Janice Turner, columnist and interviewer for The Times newspaper, tells us in the Thursday edition of the newspaper that she is having ‘pet problems’. Specifically, her previously fastidious, 15-year-old cat, who has hyperthyroidism, started to poop on the kitchen floor when he used the garden before. She says that every morning he leaves a deposit in exactly the same place on the kitchen floor and questioned whether he has become senile.
I don’t think the problem is to do with hyperthyroidism or senility. I’ll presume that the cat flap is in the kitchen door. If those two assumptions are correct then the likely reason is that Janice’s cat is pooping on the kitchen floor as a form of marking territory. It probably takes place near the cat flap which is significant because it is a boundary between the indoors and outdoors and a potential thoroughfare for another cat to get into the house.
I’m not going to presume that another cat is getting into the house via the cat flap but it may be the case that Janice’s cat is seeing another cat outside and in response is marking territory with poop rather than pee. This can happen. Faeces can be used as a marker but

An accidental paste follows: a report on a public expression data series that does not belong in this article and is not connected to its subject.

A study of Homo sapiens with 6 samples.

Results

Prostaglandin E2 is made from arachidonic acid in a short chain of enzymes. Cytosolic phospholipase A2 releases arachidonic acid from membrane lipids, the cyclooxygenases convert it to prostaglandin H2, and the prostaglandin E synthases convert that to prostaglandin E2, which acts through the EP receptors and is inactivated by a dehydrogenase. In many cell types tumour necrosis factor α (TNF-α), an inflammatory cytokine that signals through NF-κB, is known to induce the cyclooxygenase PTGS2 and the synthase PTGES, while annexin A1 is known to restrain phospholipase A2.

far more commonly it is spraying with urine on vertical surfaces.
If I was Janice I would check for stranger cats outside to see if they can be prevented disturbing her cat. In addition, once a cat starts pooping on a certain spot on the floor she will begin to consider that spot as a toilet. Accordingly, I would move the poop and place it in the spot outside where she normally poops and ensure that the area in the kitchen is thoroughly cleaned to remove any scent. It’s important that there is no vestige of scent of her poop that the cat can pick up.
She should then return to pooping outside.I would hope that both these courses of action may result in success.
Did you find this article useful and interesting? Can it be improved? Please tell me in a comment. I am always keen to improve the site for animal welfare and reader enjoyment.